When a non-profit that advocates for foster children lost its government funding, the group found a friend in Frank Addante.
The organization, commonly called Casa (for court appointed special advocates), pairs foster children with an adult mentor who offers them guidance and stability as they navigate the sometimes turbulent system.
Addante, founder of West L.A. ad tech firm Rubicon Project, has a longstanding relationship with Casa. His wife, Allison, has been a volunteer. When the two got married last year, they asked that guests make donations to the group in lieu of gifts.
But it was in 2010, when the local chapter of Casa lost its funding, that Addante took an even bigger role. He joined the board and along with other Casa directors actually funded the non-profit for a time.
“It was like launching a startup all over again,” Addante said. “But it was also a good opportunity to give back.”
Not only did the restructured Casa manage to get its finances upright, it doubled the number of children who are served by the organization.
Last week, Casa held a gala in Beverly Hills that honored Addante, his wife and their work for the non-profit. The event, which was hosted by actor Dax Shepard and featured a silent auction, was primarily a fundraiser with Casa receiving all the proceeds.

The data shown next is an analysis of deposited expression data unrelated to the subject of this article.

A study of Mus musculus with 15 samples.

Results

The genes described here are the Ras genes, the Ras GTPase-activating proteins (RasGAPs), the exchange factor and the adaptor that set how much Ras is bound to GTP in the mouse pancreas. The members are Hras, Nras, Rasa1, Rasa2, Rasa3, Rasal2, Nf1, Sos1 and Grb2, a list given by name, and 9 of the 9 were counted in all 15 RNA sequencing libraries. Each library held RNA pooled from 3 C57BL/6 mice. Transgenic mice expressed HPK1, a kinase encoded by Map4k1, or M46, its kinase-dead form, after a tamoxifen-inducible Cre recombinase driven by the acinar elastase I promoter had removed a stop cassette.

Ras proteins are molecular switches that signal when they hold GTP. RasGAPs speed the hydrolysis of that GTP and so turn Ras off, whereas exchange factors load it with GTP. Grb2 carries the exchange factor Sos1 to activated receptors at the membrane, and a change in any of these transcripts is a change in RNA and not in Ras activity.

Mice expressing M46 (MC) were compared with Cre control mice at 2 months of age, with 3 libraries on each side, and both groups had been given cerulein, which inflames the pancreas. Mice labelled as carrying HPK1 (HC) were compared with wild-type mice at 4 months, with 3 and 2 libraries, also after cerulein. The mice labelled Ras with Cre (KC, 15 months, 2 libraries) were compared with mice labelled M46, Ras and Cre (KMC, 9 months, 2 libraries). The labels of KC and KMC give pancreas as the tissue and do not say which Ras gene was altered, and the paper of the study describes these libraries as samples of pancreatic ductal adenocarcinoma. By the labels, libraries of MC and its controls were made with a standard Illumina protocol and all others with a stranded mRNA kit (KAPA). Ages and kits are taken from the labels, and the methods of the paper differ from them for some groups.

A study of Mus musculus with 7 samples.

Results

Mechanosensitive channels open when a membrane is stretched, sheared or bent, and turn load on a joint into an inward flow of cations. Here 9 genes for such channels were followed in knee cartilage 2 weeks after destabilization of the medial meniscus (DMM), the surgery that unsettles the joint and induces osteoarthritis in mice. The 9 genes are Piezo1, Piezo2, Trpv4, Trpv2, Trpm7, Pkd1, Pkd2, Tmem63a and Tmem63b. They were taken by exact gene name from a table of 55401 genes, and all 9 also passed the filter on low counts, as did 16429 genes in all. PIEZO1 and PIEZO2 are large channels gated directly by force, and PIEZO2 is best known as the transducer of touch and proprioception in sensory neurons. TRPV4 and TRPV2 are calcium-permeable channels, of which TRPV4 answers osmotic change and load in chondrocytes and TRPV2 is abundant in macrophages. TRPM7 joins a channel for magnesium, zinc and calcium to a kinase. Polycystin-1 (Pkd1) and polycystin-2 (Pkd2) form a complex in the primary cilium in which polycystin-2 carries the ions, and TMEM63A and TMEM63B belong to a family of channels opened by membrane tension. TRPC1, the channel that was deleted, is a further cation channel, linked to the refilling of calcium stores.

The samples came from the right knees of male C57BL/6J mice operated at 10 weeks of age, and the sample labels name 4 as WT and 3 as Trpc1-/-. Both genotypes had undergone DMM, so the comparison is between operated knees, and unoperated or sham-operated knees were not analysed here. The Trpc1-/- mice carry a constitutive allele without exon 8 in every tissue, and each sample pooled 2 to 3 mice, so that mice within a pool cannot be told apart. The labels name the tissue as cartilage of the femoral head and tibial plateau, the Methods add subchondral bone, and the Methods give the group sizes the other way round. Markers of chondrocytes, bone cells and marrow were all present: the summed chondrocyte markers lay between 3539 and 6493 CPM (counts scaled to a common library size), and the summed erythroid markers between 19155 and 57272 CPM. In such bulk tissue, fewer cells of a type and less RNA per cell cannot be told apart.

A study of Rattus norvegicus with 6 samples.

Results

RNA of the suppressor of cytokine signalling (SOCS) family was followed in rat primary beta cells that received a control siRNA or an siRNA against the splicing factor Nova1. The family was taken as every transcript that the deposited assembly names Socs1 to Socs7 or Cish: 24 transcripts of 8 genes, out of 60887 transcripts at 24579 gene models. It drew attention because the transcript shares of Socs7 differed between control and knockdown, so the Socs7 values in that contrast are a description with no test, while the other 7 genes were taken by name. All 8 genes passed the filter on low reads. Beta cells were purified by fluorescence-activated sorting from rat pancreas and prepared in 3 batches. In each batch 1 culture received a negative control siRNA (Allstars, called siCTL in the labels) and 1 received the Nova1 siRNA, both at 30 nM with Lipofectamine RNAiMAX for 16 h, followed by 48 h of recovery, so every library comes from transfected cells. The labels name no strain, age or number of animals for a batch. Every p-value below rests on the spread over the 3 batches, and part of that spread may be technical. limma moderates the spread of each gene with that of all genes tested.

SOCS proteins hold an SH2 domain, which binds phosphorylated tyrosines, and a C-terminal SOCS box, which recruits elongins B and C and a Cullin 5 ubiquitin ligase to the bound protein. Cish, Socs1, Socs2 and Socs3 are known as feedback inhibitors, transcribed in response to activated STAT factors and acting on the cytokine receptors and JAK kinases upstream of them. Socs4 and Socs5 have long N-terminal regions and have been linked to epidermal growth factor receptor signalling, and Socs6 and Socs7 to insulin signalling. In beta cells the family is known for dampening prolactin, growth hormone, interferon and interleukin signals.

“Sometime when there’s a crisis it causes people to step up and do better. That’s exactly what happened here,” Addante said. “It’s been incredible to watch.”
Lawyer Was Framed
Irving Greines, founding partner of Miracle Mile law firm Greines Martin Stein & Richland LLP, has also found success as a fine arts photographer, with shows around the country.
His current exhibition, on view at Angel City Brewery in downtown Los Angeles, has been years in the making. It features shots he took of the same wall in eastern downtown’s arts district during the last decade.
He revisited the same location, at the American Hotel on Hewitt Street, almost every week for 10 years, making a total of about 400 or 500 trips. He documented the continual changes rendered by new posters, painting and graffiti.
“It was just a blaze of color,” he said. “This one wall was in constant flux and it expressed so much in terms of the people of the neighborhood’s feelings and their political views.”
Greines, 71, usually shot the wall on weekends, but he would sometimes take a detour before work and show up later than usual at Greines Martin, one of two major appellate law firms in Los Angeles. On those days, he would just stay at work later. It helps that he’s his own boss, too.
“There’s not a ‘late to work’ for me,” he said.
Staff reporters Tom Dotan and Alfred Lee contributed to this column. Page 3 is compiled by Editor Charles Crumpley. He can be reached at email@example.com.